Coloured crockery is to be introduced at Solent’s community hospitals after trials showed it cut food waste by 20%.

The dramatic reduction – caused simply by switching from traditional white crockery to blue – has been described as “incredible” by the Trust’s catering boss.

Iain Robertson, who has just become national chair of the Hospital Caterers’ Association (HCA), said the results meant more patients were eating more food which, in turn, aided recovery.

"This experiment was so simple but immediately had a massive impact," said Iain, a former NHS chef.

Plate waste – food left uneaten by patients – was already low at Solent’s community hospitals following a change in menus, the introduction of electronic meal ordering and new methods of food waste monitoring.

Catering managers were confident they had already made significant progress and weren’t sure the trial would have much impact.

For the first four weeks, it was business as usual for the ward catering staff, who dished out normal sized portions on the usual white crockery. Any leftovers were weighed as before, but the team now also recorded the number of empty plates.

For the second four weeks, catering staff served the same food and portion sizes but this time using cornflower blue plates and bowls.

Within days, there was a noticeable improvement in the number of patients finishing their meals.

At the end of the eight-week trial, monitored by NHS England, there had been a 20.6% decrease in plate waste and an increase of 14% in the number of empty plates.

Iain, who has led catering operations at Solent NHS Trust for the past five years, said: "We were blown away by these statistics due to the nutritional impact this will have on our patients, along with the improved patient experience.

"Putting it simply, if patients are better nourished, they recover quicker and get home sooner."

The trial took place on two rehab wards at the Royal South Hants Hospital in Southampton.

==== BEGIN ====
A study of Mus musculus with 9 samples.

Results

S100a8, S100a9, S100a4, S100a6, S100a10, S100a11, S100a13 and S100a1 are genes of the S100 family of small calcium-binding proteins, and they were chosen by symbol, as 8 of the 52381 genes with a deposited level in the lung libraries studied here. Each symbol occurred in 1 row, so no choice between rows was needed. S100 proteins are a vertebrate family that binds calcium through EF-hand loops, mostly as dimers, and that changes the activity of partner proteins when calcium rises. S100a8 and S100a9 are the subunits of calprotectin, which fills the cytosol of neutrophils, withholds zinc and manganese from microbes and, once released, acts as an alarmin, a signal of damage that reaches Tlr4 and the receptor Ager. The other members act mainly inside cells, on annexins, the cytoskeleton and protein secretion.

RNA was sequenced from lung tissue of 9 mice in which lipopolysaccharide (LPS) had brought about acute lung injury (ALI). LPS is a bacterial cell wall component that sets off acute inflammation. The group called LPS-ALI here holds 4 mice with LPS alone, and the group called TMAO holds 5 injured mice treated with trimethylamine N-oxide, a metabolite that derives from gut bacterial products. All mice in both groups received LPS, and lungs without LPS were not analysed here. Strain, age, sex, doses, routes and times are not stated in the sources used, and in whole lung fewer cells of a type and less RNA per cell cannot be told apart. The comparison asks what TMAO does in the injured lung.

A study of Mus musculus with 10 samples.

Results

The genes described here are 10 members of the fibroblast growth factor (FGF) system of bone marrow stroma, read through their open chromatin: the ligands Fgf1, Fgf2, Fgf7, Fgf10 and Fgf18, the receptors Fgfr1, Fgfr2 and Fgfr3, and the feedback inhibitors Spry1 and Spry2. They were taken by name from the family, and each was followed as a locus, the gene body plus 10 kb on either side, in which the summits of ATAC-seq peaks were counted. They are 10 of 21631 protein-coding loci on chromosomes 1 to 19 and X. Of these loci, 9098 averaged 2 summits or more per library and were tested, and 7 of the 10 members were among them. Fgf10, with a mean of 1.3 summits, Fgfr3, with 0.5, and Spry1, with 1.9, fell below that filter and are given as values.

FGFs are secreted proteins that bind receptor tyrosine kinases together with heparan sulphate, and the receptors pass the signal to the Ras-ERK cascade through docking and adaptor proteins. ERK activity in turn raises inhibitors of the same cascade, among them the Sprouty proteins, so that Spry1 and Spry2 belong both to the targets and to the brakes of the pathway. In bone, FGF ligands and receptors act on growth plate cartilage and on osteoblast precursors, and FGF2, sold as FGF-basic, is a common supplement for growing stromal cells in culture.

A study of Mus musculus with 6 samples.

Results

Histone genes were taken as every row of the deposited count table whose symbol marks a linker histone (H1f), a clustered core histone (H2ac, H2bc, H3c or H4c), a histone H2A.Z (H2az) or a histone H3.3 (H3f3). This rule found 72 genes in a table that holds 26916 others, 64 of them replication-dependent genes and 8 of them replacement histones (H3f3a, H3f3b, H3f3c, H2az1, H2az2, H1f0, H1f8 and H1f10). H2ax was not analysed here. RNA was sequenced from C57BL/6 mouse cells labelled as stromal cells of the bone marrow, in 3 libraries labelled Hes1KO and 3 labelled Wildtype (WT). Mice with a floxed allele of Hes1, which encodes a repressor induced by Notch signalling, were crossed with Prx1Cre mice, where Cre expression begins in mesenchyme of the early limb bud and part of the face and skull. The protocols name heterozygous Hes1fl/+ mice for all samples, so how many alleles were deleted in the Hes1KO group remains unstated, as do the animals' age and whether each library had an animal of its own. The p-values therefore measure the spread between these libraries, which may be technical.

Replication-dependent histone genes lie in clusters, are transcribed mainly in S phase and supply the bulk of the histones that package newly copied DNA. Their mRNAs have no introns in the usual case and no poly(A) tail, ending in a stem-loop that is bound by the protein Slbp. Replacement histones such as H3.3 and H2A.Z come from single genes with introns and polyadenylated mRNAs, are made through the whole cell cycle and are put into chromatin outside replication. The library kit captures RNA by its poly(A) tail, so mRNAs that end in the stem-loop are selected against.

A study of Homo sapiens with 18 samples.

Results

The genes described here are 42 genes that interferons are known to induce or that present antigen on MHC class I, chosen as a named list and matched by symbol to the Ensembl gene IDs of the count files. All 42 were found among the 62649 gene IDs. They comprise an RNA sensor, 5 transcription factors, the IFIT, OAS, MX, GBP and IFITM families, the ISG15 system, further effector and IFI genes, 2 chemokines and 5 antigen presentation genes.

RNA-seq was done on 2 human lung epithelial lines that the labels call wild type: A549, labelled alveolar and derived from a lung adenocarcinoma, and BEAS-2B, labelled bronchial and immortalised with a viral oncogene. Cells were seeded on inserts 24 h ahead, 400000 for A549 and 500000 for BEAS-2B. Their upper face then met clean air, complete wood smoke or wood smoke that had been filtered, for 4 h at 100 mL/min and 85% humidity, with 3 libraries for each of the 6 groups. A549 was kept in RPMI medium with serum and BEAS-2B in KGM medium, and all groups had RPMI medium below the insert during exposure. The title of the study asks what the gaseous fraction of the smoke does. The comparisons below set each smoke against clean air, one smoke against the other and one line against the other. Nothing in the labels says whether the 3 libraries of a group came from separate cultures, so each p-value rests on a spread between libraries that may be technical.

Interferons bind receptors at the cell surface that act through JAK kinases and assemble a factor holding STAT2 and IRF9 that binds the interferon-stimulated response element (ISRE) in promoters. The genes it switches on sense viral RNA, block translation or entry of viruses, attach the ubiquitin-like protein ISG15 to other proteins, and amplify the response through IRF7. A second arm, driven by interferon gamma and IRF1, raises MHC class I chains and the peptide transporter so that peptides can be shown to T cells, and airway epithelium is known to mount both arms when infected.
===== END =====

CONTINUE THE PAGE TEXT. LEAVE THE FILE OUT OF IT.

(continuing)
Feedback from patients was described as "phenomenal", with some saying the coloured crockery gave their hospital meals a restaurant feel.

Iain said the findings were so impressive that they could not be ignored. As a result, all ward crockery at Solent’s community hospitals will become blue within a matter of days.

"The research is based on the theory that coloured crockery makes food look more attractive and prompts the appetite," he said.

"It is such an easy change to make but the result is incredible. If hospitals across the country follow suit, the outcome could be staggering."

As chair of the HCA, a prestigious national body which influences government policy on hospital food, Iain said he would be spreading the word about coloured crockery.

Trials initially involved dementia patients but more recently attention has turned to trying the concept in both acute and community hospital settings.

Blue was chosen at Solent as there are no naturally blue coloured foods; meaning that the colour helps pale foods like chicken, mashed potato and porridge stand out.

It is associated with peace and calm and is also the last colour on the spectrum recognised by dementia patients.

The blue crockery will be rolled out to community wards at the Royal South Hants Hospital and Western Community Hospital in Southampton, along with St Mary’s Community Health Campus in Portsmouth, at the start of May.